Mark C. Marino
One of the appeals of HASTAC as a collective for me is the sense that it provides venues, such as the HASTAC Scholars forums, for conversations that span institutions. Traditionally academic conferences have served this function. More recently bulletin boards, listservs, and blogs. The former played the role of the annual concentrated infusion of intense exchange, that periodic reminder of the vitality of the discipline and the hassle of travel reimbursement, but the latter, these online collectives epitomized by HASTAC, are creating fields of study through continuous synchronous (via Twitter) and asynchronous conversational exchange (and coveted monetary prizes).
On the one hand, the collective addresses some of the isolation of academia. By necessity, sholars are often the only specialist in their area in their department. Graduate students, working under them, can experience a similar, and more vulnerable, feeling of separation and isolation. The online collective is that perisistent community.
But something else appeals to me about this particular collective — even though it seems to be moored at Duke, its membership goes far beyond any institution, especially when looking at the shear amound of traffic the site receives (http://www.hastac.org/blogs/cathy-davidson/becoming-public-intellectual) and the extensive participation in its forums. I saw this most acutely in the Critical Code Studies forum (http://www.hastac.org/forums/hastac-scholars-discussions/critical-code-s…) which reached 12000 reads and over 100 challenging and thoughtful comments. Keep in mind, CCS is an area of study only a few years old with no particular institutional ties, no particular university setting. It is a collective called forth by venues (the CCS Working Group, a blog,the CCS @ USC conferene, ebr, HASTAC, Thoughtmesh). Similarly, the so-called “digital humanities” is emerging, as far as I can tell, through the nuturing of these trans-instituional online communties. Again, perhaps this was always the way with emerging fields, but I can’t help but think the rate and strength with which DH is forming is deeply tied to these online collectives — whether self-organizing or more structured.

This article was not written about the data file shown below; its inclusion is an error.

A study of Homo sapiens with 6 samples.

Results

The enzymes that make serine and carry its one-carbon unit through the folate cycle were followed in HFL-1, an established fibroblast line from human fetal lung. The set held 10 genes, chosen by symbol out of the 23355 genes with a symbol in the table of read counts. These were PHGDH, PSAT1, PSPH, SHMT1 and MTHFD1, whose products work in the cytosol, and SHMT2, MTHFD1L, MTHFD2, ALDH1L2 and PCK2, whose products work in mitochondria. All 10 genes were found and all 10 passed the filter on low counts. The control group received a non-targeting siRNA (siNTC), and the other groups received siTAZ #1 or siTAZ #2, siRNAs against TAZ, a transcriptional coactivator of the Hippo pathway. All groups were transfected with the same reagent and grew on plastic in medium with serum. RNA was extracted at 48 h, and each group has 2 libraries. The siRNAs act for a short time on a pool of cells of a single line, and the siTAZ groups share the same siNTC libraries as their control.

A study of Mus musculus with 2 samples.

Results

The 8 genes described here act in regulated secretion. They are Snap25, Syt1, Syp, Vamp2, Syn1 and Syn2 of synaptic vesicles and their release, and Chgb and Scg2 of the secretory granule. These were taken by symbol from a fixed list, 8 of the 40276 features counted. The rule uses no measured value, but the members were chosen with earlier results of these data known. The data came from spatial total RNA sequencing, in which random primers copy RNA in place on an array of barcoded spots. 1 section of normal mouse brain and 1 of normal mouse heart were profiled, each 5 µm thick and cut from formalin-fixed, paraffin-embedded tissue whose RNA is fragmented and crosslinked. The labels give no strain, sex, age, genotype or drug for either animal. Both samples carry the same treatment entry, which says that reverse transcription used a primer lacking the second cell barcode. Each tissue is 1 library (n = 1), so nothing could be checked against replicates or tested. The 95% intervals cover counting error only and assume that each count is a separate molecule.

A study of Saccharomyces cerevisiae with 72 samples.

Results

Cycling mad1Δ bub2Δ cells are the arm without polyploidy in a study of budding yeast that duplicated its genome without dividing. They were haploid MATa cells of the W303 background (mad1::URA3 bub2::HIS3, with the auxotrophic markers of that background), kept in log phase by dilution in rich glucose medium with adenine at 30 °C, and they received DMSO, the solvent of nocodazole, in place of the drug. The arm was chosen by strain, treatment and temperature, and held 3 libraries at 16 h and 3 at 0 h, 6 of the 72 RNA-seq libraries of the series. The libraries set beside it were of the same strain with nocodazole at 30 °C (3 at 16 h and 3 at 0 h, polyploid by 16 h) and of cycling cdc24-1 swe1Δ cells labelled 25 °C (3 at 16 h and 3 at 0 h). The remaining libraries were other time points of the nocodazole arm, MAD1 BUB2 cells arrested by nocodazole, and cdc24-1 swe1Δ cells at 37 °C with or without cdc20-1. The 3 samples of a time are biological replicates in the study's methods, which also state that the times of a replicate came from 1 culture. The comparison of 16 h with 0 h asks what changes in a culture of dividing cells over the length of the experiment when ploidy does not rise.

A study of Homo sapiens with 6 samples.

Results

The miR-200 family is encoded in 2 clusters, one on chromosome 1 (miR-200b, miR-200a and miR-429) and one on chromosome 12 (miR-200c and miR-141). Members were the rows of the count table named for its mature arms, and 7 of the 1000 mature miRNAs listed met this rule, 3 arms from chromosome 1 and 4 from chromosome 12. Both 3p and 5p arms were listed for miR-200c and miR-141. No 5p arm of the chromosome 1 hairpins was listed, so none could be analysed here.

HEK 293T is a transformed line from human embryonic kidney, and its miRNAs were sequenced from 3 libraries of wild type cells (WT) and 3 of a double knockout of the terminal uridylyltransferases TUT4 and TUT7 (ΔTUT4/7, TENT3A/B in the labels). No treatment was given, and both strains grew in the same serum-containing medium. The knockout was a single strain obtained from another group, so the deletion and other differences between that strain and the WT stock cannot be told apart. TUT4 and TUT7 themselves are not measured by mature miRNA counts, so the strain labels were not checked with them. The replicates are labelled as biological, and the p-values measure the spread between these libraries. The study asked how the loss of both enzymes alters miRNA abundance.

When I think about the future of academic institutions, these types of online collectives strike me as vital both in their transformative nature and in their invigorating energy. The conversations rival (and often surpass) the seminars offered at most institutions. And while I don’t desire moving to online-only eduation or even the dissolution of the organizations that employ or educate us, I can sense a way in which these collectives are becoming sites where new kinds of seminars emerge (e.g. this DMLcentral webinar http://bit.ly/ebSIzV), reading groups spontaneously autogenerate, flashmob focus groups flourish, and curricula forms through the power of the exchange of the minds who show up, login in, and post up, attending this ethereal un-university via iPad, smartphone, laptop even as they sit on benches on campuses dreaming of a space beyond ivy and brick and tall metal gates.
Sometimes I tell my students that when smart people leave school, they continue their studies at TED Talks. I should add online collectives. These collectives are emerging into new kinds of educational structures, not as easy to map as the college campus, and perhaps more akin to microclimates or trasnational fads or global waves of musical styles. It’s more than memes, more than tools, more than the institutions we grew up wth. It’s reggae, ripped jeans, Etsy, and open, wide open.